Halfway through the second lockdown in England it is apparent that for a lot of us it is harder than the first. The novelty of lockdowns has worn off, the days are shorter and the weather is much worse. Joel Golby paints a depressing picture in his amusing article but leaving aside individual feelings about lockdowns, there is a very serious side to their effects. After the beginnings of a revival in the summer, many businesses are suffering again and have had to furlough or lay off their people. Their leaders, who have a difficult job in the best of times, are viewing a desperate outcome where they may lose experienced and talented people. Now more than at any time in recent history we need leaders who can rise to the current challenge and support their people.
In their article below, Ben Laker and Charmi Patel write about their research into leadership and the considerable role that influence plays in effective leadership. They conclude that influence by transformational leadership, that is “by encouragement, support, and going above and beyond the call of duty”, is the best model of leadership for a future of flat organisational structures and increased collaboration and participation. Transformation leadership involves building rapport, listening to people rather than transmitting and committing to teams and shared success.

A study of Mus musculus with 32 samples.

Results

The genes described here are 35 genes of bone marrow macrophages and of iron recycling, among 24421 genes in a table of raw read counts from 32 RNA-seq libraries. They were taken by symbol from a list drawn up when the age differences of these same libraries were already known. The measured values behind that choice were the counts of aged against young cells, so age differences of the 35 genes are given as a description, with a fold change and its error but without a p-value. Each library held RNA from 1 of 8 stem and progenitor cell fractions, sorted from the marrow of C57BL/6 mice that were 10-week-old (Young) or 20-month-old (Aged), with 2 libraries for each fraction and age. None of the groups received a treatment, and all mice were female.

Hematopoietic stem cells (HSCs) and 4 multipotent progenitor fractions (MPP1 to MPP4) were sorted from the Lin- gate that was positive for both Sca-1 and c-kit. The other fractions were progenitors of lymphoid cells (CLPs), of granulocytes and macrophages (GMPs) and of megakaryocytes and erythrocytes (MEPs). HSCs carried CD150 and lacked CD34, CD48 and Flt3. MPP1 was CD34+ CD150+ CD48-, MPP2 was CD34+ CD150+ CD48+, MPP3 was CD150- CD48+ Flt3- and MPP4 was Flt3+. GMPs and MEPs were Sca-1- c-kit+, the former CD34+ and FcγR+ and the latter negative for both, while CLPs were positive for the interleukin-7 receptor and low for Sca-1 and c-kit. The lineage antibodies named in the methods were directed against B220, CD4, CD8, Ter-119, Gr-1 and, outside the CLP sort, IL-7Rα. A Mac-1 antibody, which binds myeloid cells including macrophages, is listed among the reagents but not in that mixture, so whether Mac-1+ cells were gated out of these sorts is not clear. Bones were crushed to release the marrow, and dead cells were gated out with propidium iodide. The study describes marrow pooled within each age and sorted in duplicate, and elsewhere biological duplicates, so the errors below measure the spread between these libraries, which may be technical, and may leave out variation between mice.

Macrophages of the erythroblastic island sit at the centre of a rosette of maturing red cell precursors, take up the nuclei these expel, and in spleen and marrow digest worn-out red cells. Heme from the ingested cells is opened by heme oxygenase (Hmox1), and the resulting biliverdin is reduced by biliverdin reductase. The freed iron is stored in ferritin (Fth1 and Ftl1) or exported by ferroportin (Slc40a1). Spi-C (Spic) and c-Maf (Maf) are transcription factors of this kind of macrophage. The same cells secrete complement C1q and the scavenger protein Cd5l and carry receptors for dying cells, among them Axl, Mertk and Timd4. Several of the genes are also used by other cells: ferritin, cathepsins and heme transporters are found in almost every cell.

In the current crisis transformational influence has much to commend it. People are isolated (physically and often mentally), furloughed people are concerned about their prospects and many people are looking beyond work and reviewing their future goals. Leaders have the incredibly tough job of keeping people on side, soothing raw nerves and describing much better times down the line. As expressed by Laker and Patel, transformational leaders “act as role models and motivators who offer vision, excitement, encouragement, morale boost, and satisfaction to the followers.” For example, in our latest team meeting our CEO personally thanked every member of the team for their individual contribution.
Those who master the art of influence are often skilled at tapping into the emotions that drive people’s actions. This explains why influence is synonymous with leadership.